Note well the word in the headline: “Presidents,” plural. When you ask them whether Obama specifically plays too much golf, the numbers tighten, but then that’s always true when you ask a question about a sitting president. Even then, a plurality says Obama doesn’t play too much. See now why I’m surprised that David Axelrod and Bill Burton would so far as to apologize to George W. Bush in the name of spinning O’s golf habit? If the public doesn’t much care, why should they?
Those numbers are easily explained and should have been predictable. For Democrats, many of whom crapped happily on Dubya for spending too much time at the ranch, this is a pure exercise in wagon-circling. They’ve got two more years invested in this guy; they’re not going to see what’s left of his political capital go up in smoke because of golf. If Axelrod and Burton are worried, they’re worried because the media and the chattering class seem irritated with O’s golfing and those aren’t the people you want to alienate right before an election. That’s how unhelpful narratives take shape.
Independents are divided and Republicans are, of course, critical of O — but not quite to the extent that Democrats are defensive of him. You’ve got some small but meaningful minority of GOPers who think this subject is overblown and we can only guess at the reasons. Maybe they find obsessing about “optics” silly and juvenile, especially given that modern presidents effectively take the entire White House with them while on vacation. Or maybe, as many libertarians and paleocons do, they think that the presidency has assumed far too much space in the public imagination. If you want a less powerful executive, says Michael Brendan Dougherty, you should be happy to see Obama golfing. He’s doing less damage there than he could basically anywhere else, and he’s signaling, however unwittingly, that the president is not, in fact, in control of all major events in American life. Thank goodness.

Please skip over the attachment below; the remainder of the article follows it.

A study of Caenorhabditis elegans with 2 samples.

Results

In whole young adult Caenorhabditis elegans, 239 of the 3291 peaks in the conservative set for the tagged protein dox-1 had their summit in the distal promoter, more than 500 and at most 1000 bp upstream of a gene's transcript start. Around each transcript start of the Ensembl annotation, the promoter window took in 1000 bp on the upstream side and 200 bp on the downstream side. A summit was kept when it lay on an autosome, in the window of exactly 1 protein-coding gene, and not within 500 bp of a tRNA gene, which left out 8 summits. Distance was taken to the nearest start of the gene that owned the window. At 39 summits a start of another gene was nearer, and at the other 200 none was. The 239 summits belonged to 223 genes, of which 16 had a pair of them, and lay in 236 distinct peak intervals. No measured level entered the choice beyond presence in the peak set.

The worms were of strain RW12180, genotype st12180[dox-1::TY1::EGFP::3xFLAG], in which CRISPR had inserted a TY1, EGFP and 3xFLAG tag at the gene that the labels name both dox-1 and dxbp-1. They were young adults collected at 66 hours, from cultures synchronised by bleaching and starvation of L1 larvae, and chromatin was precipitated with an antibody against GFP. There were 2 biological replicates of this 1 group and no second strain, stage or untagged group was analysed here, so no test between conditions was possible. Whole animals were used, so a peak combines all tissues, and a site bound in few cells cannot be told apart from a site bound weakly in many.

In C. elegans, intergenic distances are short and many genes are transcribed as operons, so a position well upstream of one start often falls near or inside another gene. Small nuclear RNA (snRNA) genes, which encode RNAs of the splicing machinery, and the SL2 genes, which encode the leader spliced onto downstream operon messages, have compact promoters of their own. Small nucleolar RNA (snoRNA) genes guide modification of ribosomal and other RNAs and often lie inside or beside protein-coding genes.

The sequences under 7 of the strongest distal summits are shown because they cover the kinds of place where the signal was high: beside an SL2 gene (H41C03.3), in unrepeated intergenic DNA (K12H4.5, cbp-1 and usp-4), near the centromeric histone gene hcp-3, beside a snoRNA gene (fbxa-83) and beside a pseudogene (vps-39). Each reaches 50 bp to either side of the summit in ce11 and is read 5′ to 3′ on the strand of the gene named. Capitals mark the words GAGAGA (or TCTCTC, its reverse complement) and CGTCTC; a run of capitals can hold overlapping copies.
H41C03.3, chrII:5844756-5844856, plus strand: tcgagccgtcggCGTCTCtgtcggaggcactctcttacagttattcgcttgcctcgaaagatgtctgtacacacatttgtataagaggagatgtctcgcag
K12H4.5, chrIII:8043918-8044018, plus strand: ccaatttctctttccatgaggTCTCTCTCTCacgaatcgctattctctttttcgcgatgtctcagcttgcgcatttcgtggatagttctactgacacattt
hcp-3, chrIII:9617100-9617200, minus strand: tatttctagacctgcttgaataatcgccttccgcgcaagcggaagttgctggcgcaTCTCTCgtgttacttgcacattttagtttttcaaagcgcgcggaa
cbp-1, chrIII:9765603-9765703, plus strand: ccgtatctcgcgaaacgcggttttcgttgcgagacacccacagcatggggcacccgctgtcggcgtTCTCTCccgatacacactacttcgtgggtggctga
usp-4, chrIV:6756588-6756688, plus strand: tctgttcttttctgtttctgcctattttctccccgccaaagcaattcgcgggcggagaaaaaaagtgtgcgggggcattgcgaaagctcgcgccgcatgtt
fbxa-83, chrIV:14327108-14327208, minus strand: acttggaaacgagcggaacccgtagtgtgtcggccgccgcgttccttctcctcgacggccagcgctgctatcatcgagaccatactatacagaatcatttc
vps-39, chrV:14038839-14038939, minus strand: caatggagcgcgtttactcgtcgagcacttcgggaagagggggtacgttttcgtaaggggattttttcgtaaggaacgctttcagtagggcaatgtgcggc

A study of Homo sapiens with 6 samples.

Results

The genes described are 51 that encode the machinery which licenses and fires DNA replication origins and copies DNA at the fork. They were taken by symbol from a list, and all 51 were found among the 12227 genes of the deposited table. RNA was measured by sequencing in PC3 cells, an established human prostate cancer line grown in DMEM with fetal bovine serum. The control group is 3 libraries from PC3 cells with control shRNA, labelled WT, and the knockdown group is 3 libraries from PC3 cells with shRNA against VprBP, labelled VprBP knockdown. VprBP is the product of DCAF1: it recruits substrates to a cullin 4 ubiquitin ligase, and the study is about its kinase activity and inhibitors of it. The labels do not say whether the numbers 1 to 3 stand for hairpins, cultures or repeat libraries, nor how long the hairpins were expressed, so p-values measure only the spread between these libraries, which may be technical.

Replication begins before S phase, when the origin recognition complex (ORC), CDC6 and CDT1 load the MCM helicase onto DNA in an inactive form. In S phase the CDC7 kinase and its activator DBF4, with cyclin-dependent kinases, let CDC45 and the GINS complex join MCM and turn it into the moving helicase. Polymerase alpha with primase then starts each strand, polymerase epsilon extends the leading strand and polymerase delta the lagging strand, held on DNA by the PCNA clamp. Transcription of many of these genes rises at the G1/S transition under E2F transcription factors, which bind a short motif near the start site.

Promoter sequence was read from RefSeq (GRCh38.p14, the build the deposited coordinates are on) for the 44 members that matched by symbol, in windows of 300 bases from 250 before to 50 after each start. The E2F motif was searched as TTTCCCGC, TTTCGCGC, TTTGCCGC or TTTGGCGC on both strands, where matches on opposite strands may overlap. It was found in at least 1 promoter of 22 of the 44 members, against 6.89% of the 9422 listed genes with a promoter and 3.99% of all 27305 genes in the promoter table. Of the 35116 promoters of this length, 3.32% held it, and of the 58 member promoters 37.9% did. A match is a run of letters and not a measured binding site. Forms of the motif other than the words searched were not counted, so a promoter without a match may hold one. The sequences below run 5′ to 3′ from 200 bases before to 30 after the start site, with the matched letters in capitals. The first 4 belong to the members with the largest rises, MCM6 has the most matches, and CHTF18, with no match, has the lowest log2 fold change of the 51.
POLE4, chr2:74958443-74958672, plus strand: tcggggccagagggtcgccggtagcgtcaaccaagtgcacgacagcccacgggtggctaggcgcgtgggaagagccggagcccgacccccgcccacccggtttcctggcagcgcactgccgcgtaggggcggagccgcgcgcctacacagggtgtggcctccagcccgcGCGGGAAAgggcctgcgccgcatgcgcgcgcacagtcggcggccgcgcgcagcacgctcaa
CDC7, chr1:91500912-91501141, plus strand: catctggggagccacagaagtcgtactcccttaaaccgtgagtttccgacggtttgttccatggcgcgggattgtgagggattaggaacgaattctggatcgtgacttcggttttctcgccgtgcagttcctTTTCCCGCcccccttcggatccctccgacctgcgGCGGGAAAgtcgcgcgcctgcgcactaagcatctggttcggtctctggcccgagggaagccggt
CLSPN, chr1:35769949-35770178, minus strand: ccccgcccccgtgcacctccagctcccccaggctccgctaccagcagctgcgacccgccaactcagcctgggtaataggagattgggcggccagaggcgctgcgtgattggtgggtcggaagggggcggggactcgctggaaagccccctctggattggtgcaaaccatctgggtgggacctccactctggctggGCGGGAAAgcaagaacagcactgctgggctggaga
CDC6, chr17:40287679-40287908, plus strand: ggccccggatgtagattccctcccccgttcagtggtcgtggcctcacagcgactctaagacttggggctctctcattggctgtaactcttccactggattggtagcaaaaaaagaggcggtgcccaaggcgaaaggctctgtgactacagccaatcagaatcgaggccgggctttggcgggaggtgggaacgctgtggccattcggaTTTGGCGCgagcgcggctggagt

In truth, Obama’s golf habit, along with his newer practice of enjoying long dinners with people he finds interesting, is one of the best things about his presidency. Unconsciously, President Obama is doing a good thing for the American Republic. He’s helping us to disgorge an overly symbolic view of the presidency, in which the president is the ever-present lawman, the people’s official therapist, and the embodiment of the public mood. Obama golfing is a sign that the American presidency is still a job, not a divine office…
The executive branch itself is badly overgrown. The presidency needs a legal downsizing most of all. It needs to be stripped of its unconstitutional prerogatives, and American government could do with re-assertion of the responsibilities of Congress. But we could too easily underrate a symbolic downsizing of the presidency.
That argument would be easier to swallow if Obama had sought to downsize the presidency in any other way. Instead he’s done the opposite — wars without congressional authorization, treaties without Senate approval, and a looming amnesty for millions of people while the legislature is trying to find its way on immigration. Hitting the links every weekend doesn’t turn a guy like that into Calvin Coolidge. On the contrary: It feels like kingly disengagement, the habit of a man who could be using his time to try to build legislative consensus for his policies but would rather practice putting between issuing the day’s royal decrees on Syria and climate change and immigration. And even if Obama wanted to signal his support for more modest presidential power, he could do it in a way that seems less callous than dancing the night away while police square off with protesters in Ferguson and fist-bumping with buddies while the rest of the world is watching James Foley’s head get cut off. In each case, he could have made a short statement and then enjoyed some low-key R&R behind closed doors. The knock on O isn’t that he should have personally ridden to the rescue in Missouri or Iraq, it’s that he now seems so disengaged from public concerns that he’s actually partying while they’re unfolding. That perception is what Axelrod and Burton are worried about. Albeit, probably worried too much.